The Jewish settlement is proved since 1589.
The Jewish cemetery was founded in the 19th century and it is situated on the edge of the town, behind the hospital. That is why there are only new tombstones and the whole area is not used. The ceremonial house with the hall was recently reconstructed and it is used for private purposes.
The Jewish community disapeared at the begining of the war in 1940. The original house with a praying hall build in 1871 did not survive. It was pulled down in 1981.
The village itself belonged to the church property since its beginning - since 1100 it was a property of Prague bishopric. In 1362 the archbishop Arnost from Pardubice established the Augustians cloister here and part of the estate belonged to this cloister.
Because the town was the churches property it caused a lot of problems - during the Hussism the citizens fought against their lords.
During the rule of the king Rudolph II. the town finally became an independent royal town (in 1584). Rokycany was in the servitude since 1399.
But the separation from the churches did not solve all problems, which appeared mainly during the thirty years war. It was damaged several times by Swedish soldiers and later by French army and by Prussian army too. When this war danger finished the reconstructed town twice burned.(1575 and 1784). Last big disaster came in 1866 when Prussian army destroyed the town again.
Because of the damages in the history of the town we can not find many historical buildings here. The St.Virgin Maria of Snow church was built as a gothic church in the 14th century but later after the great fire was rebuilded by Ignac Palliardi in 1784. Most of the interior equipment was brought from the St. Michael´s church in Old Town in Prague. The exception is a gothic painting - Taking from the Cross (1500).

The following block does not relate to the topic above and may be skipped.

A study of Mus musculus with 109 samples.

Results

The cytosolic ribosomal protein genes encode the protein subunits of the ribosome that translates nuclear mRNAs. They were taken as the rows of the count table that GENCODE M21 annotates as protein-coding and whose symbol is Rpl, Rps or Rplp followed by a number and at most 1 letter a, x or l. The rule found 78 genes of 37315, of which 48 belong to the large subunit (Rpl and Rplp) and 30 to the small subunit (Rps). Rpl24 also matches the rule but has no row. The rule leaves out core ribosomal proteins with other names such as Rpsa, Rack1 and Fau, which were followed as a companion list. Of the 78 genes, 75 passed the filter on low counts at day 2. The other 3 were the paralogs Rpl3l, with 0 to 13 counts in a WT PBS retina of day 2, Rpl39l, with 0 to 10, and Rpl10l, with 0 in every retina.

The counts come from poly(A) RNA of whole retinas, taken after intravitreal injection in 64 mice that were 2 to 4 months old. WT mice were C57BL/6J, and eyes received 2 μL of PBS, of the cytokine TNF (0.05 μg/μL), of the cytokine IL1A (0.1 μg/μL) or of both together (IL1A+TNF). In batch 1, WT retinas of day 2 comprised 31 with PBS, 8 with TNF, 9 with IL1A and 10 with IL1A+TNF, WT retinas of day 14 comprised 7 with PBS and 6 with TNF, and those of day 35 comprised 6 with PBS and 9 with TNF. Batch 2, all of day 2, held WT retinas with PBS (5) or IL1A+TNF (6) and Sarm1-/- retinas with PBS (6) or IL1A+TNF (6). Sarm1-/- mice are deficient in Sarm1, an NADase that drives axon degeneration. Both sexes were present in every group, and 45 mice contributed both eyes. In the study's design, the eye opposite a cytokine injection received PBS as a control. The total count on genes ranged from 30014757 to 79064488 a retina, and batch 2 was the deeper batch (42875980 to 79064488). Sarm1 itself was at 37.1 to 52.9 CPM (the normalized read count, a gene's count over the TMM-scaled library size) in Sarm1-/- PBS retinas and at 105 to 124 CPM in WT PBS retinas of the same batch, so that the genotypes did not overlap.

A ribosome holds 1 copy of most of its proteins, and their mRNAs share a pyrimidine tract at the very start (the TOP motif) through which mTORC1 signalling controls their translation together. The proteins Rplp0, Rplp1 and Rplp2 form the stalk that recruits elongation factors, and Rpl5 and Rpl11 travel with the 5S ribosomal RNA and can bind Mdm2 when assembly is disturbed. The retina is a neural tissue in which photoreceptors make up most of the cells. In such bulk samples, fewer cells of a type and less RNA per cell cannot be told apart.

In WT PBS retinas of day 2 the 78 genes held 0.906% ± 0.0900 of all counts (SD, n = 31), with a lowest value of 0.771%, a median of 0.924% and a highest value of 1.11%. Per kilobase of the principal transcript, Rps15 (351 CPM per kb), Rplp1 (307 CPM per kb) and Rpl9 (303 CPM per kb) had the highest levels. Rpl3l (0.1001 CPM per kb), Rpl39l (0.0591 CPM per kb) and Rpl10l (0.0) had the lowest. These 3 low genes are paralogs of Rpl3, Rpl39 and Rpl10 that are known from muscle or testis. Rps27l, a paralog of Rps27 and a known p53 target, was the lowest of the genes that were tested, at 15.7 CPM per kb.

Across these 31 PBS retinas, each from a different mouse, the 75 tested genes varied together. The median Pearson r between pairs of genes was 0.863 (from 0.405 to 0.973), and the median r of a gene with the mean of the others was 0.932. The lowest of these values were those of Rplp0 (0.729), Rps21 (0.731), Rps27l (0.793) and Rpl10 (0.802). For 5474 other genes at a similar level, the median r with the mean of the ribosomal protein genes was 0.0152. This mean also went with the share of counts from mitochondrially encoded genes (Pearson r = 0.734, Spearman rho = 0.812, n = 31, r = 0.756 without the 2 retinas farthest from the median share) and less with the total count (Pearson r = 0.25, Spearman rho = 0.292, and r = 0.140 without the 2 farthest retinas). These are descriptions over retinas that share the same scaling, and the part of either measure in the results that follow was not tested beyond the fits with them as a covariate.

The cemetery church of the Supreme trinity was built in 1609 as a Protestant church.
It was rebuilded at the end of the 18th century. There are some interesting tombstones made of cast iron.
The wall around the town were build already in the 14th century. Later were reconstructed for several times unfortunately only some parts of the surrounding wall stayed preserved.
The townhall was built after the great fire in 1784 by Ignac Palliardi. It was rebuilded in the 19th and 20th centuries. It is a two floors building with emphasized front part and a tower.
There is a memorial board placed on the front part remainding of the native man:
Jan Rokycan (before 1397 - 1471) who was born in a poor cottage in the suburb of the town.
He became a preacher in the St. Virgin Maria of Tyn´s church in Prague. Later he was one of the most important representative of the Chalice church and he attended the church consul in Basilej. He was the head of the Lower part of the Chalice church and cooperated with the king Jiri of Podebrady. You can find an interesting painting by Alfons Mucha showing Jan of Rokycany on the consul in Basilej. There is a monumental column called the Maria´s column in front of the town hall on the square. There are statues of Maria and other nine saints placed on the column. Afterall of the disasters you can still see several interesting town houses. Most of them were built in Baroque but some were built in Renesance.
The most interesting one is probably the dean´s office which was buildt in the 18th century by caneval and after the great fire reconstructed. The meat market was built in the 19th century and it is not far from the dean´s office. You should also visit the local museum.
Among the important natives belong:
Antonin Kraft (1752-1820) who was a famous Czech composer and cello and viollin player. He was born here and studied music in Prague and Viena (his teacher was Haydn). He worked in the castle orchestras and toured too. His son Nicolas was an excellent musician too.